By Tim Cuprisin Media Columnist Published Oct 13, 2009 at 11:00 AM
A quarter-century ago, it was "The Cosby Show" that resurrected the failing sitcom, making it a dominant TV genre through the 1980s and the "Seinfeld" '90s.

But every few years since "Seinfeld" went off the air in 1998, there have been new claims of the death of the sitcom -- especially since the rise of cheaper "reality" shows.

Well, this new TV season is proof that the half-hour comedy is alive and well on the traditional broadcast networks, with ABC giving early pickups to three of its Wednesday night comedies, with one real keeper in the bunch: "Modern Family."

NBC offers a new Thursday night entry, "Community," which deserves a full-season pickup. It's the best use of Chevy Chase's talents in decades.

The new comedies join a list of mature sitcoms that still provide laughs. NBC's "30 Rock" makes its long-awaited return at 8:30 p.m. Thursday on Channel 4 . CBS' "How I Met Your Mother" and "Big Bang Theory" have both developed nicely over the seasons.

Not all the new comedies are gems. CBS has brought back Jenna Elfman as a 30-something newspaper movie critic (now, there's a job with a future) who gets pregnant after a one-night-stand with a younger guy on Monday night's "Accidentally on Purpose."

Hilarity always follows an unplanned pregnancy.

Speaking of hilarity, what's making you laugh this season? And what comedies just aren't working for you?

ON TV: In addition to the digital channel shuffle that hit today, Time Warner is adding some channels. Channel 4's digital subchannel 4.3, TheCoolTV, is available at Channel 994 for digital subscribers.

  • While we're on the subject, Time Warner has added rebroadcasts of Channel 12 newscasts to its Wisconsin On-Demand Channel 411. They'll be posted a couple hours after airing and be available or a week. Rebroadcasts of Channel 4 newscasts are also available on Channel 411.
  • ABC has ordered a full-season of its Thursday night "FlashForward," which has been doing well against CBS' latest run of "Survivor."
  • The Hollywood Reporter says that despite low rating, high DVR numbers for Fox's "Dollhouse" assure that the entire 13-episode second season will run. Thanks to baseball, it's back Oct. 23.

TV NEWS' TOUGHEST CRITIC: Regular viewers of Comedy Central's "Daily Show" now that faux anchor Jon Stewart is as harsh a critic of TV news as you'll find.

On Monday's show, Stewart took off after CNN for fact-checking a "Saturday Night Live" skit on the president's accomplishments -- or lack of them. That led into a rip on CNN for failing to use its 24-hour-a-day schedule to actually fact check the facts offered by some of the folks it interviews.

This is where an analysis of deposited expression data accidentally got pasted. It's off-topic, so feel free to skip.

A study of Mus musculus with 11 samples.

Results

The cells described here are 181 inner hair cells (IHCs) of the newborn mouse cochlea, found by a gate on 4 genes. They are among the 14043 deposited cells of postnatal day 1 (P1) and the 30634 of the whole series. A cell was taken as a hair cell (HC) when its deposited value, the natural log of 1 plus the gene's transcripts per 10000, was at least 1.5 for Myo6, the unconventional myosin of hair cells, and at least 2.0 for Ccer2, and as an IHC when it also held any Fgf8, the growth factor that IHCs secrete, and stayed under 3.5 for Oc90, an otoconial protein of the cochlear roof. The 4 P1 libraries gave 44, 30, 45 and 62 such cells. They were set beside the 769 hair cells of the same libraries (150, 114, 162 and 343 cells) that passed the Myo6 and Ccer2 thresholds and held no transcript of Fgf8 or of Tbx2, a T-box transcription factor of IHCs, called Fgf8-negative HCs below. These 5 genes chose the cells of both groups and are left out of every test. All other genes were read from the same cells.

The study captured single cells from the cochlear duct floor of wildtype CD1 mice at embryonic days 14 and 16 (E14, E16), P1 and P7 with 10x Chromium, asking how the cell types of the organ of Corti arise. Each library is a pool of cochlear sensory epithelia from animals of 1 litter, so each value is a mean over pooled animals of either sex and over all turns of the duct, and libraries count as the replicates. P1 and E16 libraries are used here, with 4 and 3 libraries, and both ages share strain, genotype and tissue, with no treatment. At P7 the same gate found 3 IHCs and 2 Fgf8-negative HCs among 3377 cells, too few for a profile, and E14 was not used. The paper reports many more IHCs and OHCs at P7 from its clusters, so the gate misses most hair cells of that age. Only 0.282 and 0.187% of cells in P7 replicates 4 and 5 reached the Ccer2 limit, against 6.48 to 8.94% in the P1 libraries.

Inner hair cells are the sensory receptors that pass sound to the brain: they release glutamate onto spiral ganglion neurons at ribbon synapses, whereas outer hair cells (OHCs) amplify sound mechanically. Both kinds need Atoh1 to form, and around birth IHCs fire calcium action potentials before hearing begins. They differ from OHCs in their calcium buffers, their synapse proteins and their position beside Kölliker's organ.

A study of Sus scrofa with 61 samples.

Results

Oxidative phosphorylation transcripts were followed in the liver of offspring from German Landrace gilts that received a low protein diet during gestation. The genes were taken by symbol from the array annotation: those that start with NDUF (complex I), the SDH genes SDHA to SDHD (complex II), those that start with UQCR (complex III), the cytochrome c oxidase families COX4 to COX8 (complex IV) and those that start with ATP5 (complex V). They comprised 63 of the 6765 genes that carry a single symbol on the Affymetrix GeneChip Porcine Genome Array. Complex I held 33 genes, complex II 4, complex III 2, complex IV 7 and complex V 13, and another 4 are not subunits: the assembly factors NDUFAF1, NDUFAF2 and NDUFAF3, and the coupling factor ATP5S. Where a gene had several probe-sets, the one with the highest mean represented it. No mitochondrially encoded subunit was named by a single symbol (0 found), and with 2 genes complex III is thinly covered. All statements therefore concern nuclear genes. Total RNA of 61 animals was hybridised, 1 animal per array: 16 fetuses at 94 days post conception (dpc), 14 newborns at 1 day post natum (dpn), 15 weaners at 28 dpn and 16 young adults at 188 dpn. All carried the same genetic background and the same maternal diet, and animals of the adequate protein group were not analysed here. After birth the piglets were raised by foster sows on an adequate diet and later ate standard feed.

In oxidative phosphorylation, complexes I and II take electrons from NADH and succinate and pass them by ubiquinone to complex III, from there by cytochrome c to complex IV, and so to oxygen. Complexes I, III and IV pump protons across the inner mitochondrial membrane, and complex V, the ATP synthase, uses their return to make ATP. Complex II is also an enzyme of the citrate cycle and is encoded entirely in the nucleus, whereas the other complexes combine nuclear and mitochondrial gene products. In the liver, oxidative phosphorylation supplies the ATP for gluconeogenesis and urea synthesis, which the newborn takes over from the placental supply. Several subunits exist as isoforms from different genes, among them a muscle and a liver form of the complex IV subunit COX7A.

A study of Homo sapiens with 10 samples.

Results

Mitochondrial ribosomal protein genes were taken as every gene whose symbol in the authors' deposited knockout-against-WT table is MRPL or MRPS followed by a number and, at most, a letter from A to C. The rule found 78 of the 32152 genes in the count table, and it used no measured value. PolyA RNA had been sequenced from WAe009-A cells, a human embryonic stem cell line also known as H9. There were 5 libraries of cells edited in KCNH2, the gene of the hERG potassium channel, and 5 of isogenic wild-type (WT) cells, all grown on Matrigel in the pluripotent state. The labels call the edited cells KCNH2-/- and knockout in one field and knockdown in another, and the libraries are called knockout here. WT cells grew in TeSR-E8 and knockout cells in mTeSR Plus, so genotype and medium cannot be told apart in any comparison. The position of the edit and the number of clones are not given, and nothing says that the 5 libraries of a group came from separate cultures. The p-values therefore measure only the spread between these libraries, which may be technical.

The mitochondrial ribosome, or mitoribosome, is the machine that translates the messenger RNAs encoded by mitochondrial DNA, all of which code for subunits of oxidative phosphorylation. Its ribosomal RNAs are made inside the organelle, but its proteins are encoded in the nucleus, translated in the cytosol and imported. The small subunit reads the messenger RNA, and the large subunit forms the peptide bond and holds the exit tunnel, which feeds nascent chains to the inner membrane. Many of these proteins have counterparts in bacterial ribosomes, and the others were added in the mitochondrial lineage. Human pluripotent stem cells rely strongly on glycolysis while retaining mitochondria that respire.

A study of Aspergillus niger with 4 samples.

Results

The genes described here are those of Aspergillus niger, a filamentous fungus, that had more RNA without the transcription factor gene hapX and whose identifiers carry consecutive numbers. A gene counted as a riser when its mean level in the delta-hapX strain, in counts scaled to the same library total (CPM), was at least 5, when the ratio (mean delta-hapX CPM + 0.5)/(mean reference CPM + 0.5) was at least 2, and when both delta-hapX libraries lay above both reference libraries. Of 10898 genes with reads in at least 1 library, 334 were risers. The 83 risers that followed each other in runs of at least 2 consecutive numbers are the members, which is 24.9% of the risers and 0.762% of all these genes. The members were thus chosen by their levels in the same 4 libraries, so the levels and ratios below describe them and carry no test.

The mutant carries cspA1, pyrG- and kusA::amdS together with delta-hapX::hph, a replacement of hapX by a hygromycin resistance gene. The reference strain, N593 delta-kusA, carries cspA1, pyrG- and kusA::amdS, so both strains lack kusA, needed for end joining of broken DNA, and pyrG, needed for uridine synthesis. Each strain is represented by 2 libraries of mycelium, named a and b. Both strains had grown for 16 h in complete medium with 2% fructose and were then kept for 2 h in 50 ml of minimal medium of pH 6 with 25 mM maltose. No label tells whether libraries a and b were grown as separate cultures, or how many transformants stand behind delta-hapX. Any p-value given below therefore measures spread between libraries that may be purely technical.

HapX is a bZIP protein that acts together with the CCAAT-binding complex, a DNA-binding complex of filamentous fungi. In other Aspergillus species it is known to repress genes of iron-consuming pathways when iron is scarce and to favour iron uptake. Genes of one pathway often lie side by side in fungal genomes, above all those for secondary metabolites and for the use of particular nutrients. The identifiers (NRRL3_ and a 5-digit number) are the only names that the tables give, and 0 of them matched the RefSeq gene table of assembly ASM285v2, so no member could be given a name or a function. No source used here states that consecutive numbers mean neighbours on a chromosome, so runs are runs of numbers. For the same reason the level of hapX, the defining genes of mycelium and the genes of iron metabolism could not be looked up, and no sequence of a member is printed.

The funny -- and pointed -- bit follows below.

Tim Cuprisin Media Columnist

Tim Cuprisin is the media columnist for He's been a journalist for 30 years, starting in 1979 as a police reporter at the old City News Bureau of Chicago, a legendary wire service that's the reputed source of the journalistic maxim "if your mother says she loves you, check it out." He spent a couple years in the mean streets of his native Chicago, and then moved on to the Green Bay Press-Gazette and USA Today, before coming to the Milwaukee Journal in 1986.

A general assignment reporter, Cuprisin traveled Eastern Europe on several projects, starting with a look at Poland after five years of martial law, and a tour of six countries in the region after the Berlin Wall opened and Communism fell. He spent six weeks traversing the lands of the former Yugoslavia in 1994, linking Milwaukee Serbs, Croats and Bosnians with their war-torn homeland.

In the fall of 1994, a lifetime of serious television viewing earned him a daily column in the Milwaukee Journal (and, later the Journal Sentinel) focusing on TV and radio. For 15 years, he has chronicled the changes rocking broadcasting, both nationally and in Milwaukee, an effort he continues at

When he's not watching TV, Cuprisin enjoys tending to his vegetable garden in the backyard of his home in Whitefish Bay, cooking and traveling.